A short post on the mechanics of Process Decisions - quotes from the docs, in bold and italics. Think of Process Decisions as a service that can be invokes from a Process or via its REST api.
Let's go through these individually -
Decision services need input data, let's use the simple example of an Order.
This is simply a placeholder - i.e. used for top level decision modeling, then gets set to a particular decision type when we come to implementation.
A context is a collection of one or more key-value pairs with an optional result field. Each pair is called a context entry. The key attribute within a context entry acts as an identifier to its corresponding value attribute.
Here's a simple example, based on my ubiquitous Order Approvals scenario.
The context is for auto-approval, and, as such contains the logic to validate whether an order should be auto-approved -
Note the use of nested contexts here -
The logic is as follows - if an order is < 20k and the customer has placed more than 10 orders, then it is auto-approved. Here is the first part -
As you can see, I have added a couple of keys and set some of them to the input values -
The output (Result) of this section is a boolean - is the total order value les than the limit?
Now to part 2 -
Now to wire input to context and test -
I expose as a Service and Test -
I try with a valid order value but only 3 orders to date -
Here is a simple example - implementing the rule that the product, iScooter, cannot be sold in Ireland.
Let's test again -
Now test with country = "UK" -
An expression is a logical notation, defined according to the syntax of FEEL, that evaluates to a single value. It may consist of one or more entities, such as a literal, constant, or variable, interconnected by zero or more operators. In Oracle Cloud Infrastructure Process Automation, you can also use outputs of other decisions or built-in functions to define an expression.
That may seem rather cryptic - so here's a simple example
Here's a simple example - here I will create an expression that can be used in the following IF THEN rule.
Being connected to the input payload means my expression can use its values.
Now to the IF THEN rule -
If you feel the need to learn more about FEEL (Friendly Enough Expression Language)
, then click here
Let's test our ruleset again now -
The results -
LargeOrderValueRule returns false as 10 * 200 is less than 20k.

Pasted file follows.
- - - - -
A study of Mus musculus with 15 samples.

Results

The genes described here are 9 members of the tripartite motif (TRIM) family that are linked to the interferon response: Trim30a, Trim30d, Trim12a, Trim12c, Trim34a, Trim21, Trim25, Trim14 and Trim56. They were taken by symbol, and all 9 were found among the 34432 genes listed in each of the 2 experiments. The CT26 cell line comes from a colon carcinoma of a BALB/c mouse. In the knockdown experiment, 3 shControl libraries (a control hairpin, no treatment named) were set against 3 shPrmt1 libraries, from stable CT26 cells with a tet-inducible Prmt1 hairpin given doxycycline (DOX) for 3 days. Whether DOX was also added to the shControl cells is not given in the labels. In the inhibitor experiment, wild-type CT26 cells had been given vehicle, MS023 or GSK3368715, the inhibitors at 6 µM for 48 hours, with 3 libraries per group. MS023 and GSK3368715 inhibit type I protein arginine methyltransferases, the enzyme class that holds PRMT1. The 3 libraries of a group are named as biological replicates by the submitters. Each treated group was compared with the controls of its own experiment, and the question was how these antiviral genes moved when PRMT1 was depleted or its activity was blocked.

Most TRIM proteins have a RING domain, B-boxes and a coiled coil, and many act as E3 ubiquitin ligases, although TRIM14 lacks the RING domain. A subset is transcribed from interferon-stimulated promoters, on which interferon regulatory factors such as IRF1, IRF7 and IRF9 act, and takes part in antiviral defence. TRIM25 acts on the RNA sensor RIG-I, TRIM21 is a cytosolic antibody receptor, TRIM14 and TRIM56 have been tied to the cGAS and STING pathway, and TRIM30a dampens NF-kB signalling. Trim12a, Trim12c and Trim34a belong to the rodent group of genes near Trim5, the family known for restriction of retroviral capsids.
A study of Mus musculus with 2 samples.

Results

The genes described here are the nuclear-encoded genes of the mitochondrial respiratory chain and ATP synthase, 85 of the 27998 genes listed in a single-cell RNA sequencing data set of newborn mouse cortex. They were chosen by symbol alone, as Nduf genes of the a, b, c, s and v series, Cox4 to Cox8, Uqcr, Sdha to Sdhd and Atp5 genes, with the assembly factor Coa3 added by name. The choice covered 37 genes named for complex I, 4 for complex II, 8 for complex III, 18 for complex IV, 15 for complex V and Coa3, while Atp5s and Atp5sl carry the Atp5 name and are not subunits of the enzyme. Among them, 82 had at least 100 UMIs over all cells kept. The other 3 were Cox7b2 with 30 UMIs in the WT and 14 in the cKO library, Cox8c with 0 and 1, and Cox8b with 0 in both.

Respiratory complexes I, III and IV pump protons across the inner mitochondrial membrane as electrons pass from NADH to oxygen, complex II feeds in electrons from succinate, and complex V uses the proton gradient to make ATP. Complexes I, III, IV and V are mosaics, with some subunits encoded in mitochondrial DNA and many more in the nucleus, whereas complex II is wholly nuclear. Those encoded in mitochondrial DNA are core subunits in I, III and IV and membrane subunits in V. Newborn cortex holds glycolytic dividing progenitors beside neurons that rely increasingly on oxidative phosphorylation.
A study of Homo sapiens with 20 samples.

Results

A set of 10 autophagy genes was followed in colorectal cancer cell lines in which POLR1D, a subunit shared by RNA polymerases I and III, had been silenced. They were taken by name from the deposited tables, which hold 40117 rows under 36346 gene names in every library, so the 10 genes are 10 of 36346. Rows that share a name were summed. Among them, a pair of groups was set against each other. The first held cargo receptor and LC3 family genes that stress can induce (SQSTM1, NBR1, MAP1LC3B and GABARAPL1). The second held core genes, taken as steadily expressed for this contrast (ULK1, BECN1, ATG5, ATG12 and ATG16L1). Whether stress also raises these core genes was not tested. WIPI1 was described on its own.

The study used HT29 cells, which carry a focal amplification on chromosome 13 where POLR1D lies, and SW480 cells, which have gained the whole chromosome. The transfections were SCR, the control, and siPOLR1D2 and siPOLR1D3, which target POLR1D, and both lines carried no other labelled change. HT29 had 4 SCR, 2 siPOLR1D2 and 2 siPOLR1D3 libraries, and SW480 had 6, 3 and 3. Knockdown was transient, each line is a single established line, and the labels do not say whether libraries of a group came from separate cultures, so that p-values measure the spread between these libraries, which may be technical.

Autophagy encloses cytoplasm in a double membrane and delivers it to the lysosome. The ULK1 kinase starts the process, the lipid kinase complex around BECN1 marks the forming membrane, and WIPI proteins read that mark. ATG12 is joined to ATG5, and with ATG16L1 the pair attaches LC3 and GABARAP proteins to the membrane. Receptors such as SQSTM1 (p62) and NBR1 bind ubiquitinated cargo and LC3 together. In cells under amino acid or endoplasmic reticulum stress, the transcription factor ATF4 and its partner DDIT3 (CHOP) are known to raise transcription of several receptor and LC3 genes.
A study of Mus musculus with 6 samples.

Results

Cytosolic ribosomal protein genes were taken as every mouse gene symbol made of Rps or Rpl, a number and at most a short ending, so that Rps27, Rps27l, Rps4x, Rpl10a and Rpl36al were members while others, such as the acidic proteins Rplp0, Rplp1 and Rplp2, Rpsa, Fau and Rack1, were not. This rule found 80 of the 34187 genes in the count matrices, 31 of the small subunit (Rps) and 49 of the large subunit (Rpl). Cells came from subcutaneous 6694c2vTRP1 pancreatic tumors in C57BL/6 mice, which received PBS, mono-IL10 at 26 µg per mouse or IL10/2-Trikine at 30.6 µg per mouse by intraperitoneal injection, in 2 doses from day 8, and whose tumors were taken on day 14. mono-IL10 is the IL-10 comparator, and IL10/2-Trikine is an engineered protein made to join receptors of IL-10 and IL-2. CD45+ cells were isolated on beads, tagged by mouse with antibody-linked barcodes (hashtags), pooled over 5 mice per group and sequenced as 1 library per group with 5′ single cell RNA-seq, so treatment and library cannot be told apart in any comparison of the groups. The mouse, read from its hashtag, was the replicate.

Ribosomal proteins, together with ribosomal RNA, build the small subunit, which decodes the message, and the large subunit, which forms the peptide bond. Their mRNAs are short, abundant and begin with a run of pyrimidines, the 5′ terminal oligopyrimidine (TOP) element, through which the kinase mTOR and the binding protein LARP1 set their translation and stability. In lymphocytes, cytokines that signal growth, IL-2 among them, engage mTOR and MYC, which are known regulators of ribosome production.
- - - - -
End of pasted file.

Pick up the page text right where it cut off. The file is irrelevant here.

The Decisions Service includes built-in functions e.g.
These include the using date, string processing, list processing, if/then etc. You can create your own functions for logic not covered by these. Let's have a go at it then!
I want to give a special discount in the month of December, in honour of the Celtic feast of Imbolc.
Other months also get a discount - the Celts love a party!
As you can see, I have created a new function (fx) along with a new inputField (in_orderMonth). I have also added a new expression (ExprHolidayDiscount). Let's look at each of these -
in_orderMonth is just a text value e.g. Dec (December) -
The Function is defined as follows -
Here I apply a 15% discount for orders during Imbolc (Dec).
No discounts in Jan, but from Feb onwards we progress by 1% each month!
The expression is defined as follows -
Let's test this out -
Now test with the month of Nov (November) -
A simple example to demo the use of Decision Service Lists -
Let's begin with the ProductList -
Self-explanatory. The input, in_product, defines the input variable for this use case e.g. a Text value e.g. iBike.
The IF THEN, ValidProduct, is defined as follows -
The usual test...
Relations can be used to create a table like structure containing multiple expressions - e.g.
Note how I am leveraging the existing ProductList and HolidayDiscount expression here.
Let's see how it could be used in a IF THEN rule -
Let's test - ensuring the maximum discount -
Create loops to iterate over lists or arrays. Using the loop logical notation, you can create three different types of loops, namely For, Some, and Every.
Again, let's have an example - I begin with the following input Order with multiple order lines -
Now to the Loop definition -
I begin by just iterating over the product prices -
For - here I just specify a variable - orderPrice
In - here I point to the order price -
return - my variable.
Let's test this out -
Now I can revisit the loop definition and add the duty.
Invoking Decisions from Business Processes
Firstly, I can decide how to expose the decisions as services -
Here is my rich set of decisions, now I can decide which ones to expose as Services -
Invoking Decisions via the REST api
The URL can be found here -
Process Decisions help you implement complex business logic quickly. Such decision based logic can be easily leveraged from your processes as well as via the REST api.